In the first annual stockholders meeting since Wells Fargo’s retail banking sales practices settlements, stockholders elected all 15 directors who were up for election at the 2017 meeting. Each director received a majority of the votes cast by stockholders.
According to preliminary results, the vote total for all but the Board’s newest directors was 80 percent or less of shares voted — a signal that stockholders were not entirely satisfied with the Board’s performance on the sales practices issue, said Board Chairman Stephen Sanger.
“Wells Fargo stockholders today sent the entire Board a clear message of dissatisfaction,” he said. “And let me assure you that the Board has heard that message and we recognize there’s still a great deal of work to do to rebuild the trust of stockholders, customers, and employees.”
Sanger and CEO Tim Sloan responded to some tough questions from activist stockholders and highlighted the company’s far-reaching efforts to regain the public’s trust.
From leadership changes and the elimination of retail sales goals to the centralization of its risk functions, Sanger emphasized the positive initiatives Wells Fargo has taken to address the improper sales practices.
“We are confident that we have identified the root causes of the improper practices that occurred, as well as the people responsible for them, and that we have taken appropriate actions,” Sanger said, pointing to the Board’s own action once it learned the full extent of the retail sales practices problem. Sanger cited the recently released findings of a six-month, independent investigation, which documented past issues with culture, practice, and leadership in the retail bank.
“While we certainly have more work to do, we are encouraged by the progress that the company has been making,” he said. “The Board has complete confidence in Tim Sloan and in the rest of the company’s senior leadership team. The Board believes that the company has a strong foundation to serve our customers and earn back the trust of all our key stakeholders.”
The Board drew criticism from certain stockholders, some of whom shouted and interrupted the meeting to express their displeasure about sales practices and other issues.
Sister Nora Nash, who represents stockholder The Sisters of St. Francis of Philadelphia, said the disruptions were not appropriate, but she felt those who spoke out had some valid points.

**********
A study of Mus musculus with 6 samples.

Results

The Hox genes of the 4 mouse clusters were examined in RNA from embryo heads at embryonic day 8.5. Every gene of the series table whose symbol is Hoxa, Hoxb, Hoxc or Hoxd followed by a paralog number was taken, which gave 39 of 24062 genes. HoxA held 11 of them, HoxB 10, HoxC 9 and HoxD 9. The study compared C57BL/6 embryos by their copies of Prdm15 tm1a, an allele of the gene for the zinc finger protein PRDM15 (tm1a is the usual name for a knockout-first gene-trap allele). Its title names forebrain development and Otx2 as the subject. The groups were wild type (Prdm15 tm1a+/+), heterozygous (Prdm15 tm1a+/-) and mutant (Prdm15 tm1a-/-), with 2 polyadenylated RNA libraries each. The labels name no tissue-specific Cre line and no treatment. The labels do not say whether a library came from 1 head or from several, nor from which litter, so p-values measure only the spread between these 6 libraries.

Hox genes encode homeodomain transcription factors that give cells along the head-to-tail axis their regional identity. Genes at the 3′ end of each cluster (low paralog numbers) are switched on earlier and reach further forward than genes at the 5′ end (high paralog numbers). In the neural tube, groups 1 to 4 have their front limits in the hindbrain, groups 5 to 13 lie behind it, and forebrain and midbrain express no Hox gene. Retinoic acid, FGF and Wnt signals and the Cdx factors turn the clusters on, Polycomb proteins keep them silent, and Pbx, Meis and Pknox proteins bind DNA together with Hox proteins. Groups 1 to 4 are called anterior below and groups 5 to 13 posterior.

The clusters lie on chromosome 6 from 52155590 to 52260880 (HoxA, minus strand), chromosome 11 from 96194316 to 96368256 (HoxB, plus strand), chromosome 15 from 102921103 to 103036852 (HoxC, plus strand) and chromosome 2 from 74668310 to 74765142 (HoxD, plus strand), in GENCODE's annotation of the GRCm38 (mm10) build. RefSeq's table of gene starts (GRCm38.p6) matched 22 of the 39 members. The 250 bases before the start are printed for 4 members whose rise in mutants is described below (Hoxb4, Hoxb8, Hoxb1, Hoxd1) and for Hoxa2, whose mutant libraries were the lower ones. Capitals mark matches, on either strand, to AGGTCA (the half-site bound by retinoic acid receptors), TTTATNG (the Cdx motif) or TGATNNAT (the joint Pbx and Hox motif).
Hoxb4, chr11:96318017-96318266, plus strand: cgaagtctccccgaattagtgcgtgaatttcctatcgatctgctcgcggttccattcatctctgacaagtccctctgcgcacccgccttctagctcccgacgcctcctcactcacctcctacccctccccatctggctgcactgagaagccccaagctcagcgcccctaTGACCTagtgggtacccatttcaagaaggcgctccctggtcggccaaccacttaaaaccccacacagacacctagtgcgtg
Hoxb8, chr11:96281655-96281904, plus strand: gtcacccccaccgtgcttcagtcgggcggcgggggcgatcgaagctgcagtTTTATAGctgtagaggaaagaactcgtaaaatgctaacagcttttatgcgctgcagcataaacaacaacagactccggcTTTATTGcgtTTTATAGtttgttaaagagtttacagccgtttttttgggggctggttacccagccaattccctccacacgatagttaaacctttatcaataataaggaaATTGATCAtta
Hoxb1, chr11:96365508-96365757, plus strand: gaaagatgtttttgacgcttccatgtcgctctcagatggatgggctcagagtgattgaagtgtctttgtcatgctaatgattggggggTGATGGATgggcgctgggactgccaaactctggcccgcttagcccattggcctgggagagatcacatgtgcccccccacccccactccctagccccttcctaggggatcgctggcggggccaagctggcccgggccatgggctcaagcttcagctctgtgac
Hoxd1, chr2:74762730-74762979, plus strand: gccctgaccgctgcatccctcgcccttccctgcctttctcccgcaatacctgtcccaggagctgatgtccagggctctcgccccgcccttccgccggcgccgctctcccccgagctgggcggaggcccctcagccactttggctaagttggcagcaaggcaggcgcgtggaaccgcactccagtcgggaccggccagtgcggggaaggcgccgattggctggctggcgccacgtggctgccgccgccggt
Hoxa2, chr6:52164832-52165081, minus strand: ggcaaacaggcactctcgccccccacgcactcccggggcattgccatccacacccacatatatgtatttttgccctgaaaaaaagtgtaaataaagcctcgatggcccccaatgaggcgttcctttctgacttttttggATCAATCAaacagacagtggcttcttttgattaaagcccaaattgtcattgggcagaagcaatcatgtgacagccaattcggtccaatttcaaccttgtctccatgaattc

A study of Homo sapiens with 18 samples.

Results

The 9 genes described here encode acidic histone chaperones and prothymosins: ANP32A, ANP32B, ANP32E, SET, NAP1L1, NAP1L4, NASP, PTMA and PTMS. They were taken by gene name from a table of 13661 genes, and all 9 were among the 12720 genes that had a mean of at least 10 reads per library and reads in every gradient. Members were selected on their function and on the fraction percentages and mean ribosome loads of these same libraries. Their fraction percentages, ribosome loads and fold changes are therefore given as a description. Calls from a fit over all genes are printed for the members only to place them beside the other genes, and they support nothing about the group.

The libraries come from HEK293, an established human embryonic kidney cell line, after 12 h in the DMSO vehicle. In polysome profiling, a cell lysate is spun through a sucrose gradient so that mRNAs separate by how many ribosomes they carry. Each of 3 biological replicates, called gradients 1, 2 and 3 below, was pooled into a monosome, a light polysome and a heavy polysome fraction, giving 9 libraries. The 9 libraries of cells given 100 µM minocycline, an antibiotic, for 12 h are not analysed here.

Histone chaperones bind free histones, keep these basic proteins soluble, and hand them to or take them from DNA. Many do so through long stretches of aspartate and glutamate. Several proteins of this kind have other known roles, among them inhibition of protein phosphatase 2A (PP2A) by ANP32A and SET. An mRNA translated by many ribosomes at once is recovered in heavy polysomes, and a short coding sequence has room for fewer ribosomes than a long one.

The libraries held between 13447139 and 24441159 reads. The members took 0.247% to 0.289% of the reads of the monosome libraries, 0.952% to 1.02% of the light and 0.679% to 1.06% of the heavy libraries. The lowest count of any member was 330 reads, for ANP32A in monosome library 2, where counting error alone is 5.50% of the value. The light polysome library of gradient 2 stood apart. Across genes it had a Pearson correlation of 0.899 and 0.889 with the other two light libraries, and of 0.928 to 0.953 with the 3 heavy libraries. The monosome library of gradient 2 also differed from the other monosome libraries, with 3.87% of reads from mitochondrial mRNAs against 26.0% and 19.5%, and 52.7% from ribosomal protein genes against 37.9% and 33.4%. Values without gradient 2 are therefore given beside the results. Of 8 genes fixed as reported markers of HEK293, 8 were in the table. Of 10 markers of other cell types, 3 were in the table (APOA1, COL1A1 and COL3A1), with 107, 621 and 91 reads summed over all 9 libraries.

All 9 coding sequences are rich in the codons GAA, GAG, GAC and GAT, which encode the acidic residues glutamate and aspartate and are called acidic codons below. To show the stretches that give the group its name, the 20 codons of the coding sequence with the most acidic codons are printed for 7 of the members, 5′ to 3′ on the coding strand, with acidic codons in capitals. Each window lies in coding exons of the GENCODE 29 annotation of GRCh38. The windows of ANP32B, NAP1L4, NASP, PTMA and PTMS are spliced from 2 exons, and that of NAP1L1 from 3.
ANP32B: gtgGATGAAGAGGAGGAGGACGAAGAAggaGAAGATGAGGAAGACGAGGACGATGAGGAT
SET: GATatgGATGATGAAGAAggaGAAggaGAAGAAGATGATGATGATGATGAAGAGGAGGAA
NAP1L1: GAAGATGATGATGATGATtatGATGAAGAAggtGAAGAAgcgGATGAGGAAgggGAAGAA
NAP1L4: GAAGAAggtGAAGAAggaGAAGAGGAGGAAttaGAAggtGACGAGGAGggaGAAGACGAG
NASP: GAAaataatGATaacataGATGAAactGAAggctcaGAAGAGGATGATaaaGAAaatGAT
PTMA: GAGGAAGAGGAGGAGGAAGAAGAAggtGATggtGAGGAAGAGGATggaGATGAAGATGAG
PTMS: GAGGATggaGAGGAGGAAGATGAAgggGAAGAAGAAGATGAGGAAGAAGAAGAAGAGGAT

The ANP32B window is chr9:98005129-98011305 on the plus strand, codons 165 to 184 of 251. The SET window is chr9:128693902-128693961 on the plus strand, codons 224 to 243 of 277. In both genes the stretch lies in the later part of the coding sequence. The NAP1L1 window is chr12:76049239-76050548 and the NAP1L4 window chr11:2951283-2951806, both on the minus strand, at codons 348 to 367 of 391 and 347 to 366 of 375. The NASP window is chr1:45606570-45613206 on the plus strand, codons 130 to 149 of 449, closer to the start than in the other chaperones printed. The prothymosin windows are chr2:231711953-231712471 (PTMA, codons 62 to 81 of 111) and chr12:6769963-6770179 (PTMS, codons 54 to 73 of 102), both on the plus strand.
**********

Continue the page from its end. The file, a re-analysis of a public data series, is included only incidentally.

“I don’t agree with being disrespectful, but I think we need to hear the voices that are here today,” said Nash, who sponsored a proposal that the Board conduct an in-depth study of Wells Fargo’s business practices, ethics, and transparency. “We have engaged with Wells Fargo for several years on various topics. Wells Fargo has been put on notice that its reporting lacked transparency and its business standards were inadequate in several areas, including responsible lending.”
Such comments motivated others to speak up like Kevin Gay, CEO and founder of Operation New Hope in Jacksonville, Florida.
“I’ve got to say I wasn’t planning on speaking today. However, I felt it was important to go on record,” he said. “Chairman Sanger and the Board, I’d like to thank you on behalf of the hundreds, if not thousands, of individuals and families that have benefited from the incredible engagement of Wells Fargo here over the many years in northeast Florida. I have been doing this work now for 18 years, and I can tell you that the commitment of Wells Fargo to this work is unparalleled in the community development world.”
Following the comments, stockholders voted against the business practices study proposal and five other stockholder-sponsored proposals, according to preliminary results.
Stockholders also approved four company-sponsored proposals, including the re-appointment of KPMG LLP as independent auditors for 2017 and approval of 2016 compensation for executives identified in the proxy statement.
‘We are facing these problems head-on’
In his presentation, Sloan noted the wide-ranging actions the company has already taken to enhance ethics and transparency.
“We’ve significantly strengthened ethics and risk management throughout the company, including creating a new Office of Ethics, Oversight and Integrity, to provide us with a better view to enterprise trends, enhancing our ability to investigate issues, understand complaints, oversee sales practices, and promote ethics,” he said.
Sanger said the Board remains committed to strengthening oversight and accountability while working closely with management to keep improving Wells Fargo.
“We thank the stockholders who supported us,” Sanger said. “We commit to continue our engagement with stockholders and other stakeholders to build a better Wells Fargo in the months and years ahead.”
Sloan personally apologized to the stockholders, noting that company leaders moved too slowly to fix the sales practices problems and failed to take adequate actions over the years.
“This is all unacceptable and we accept full responsibility and take complete accountability,” Sloan said. “We are deeply sorry for letting you, our stockholders, down, and letting down our customers, our team members, and the communities that we do business in. You deserve much more from us, and as I stand before you today, I can assure you that we are facing these problems head-on and that Wells Fargo is emerging a much stronger company.”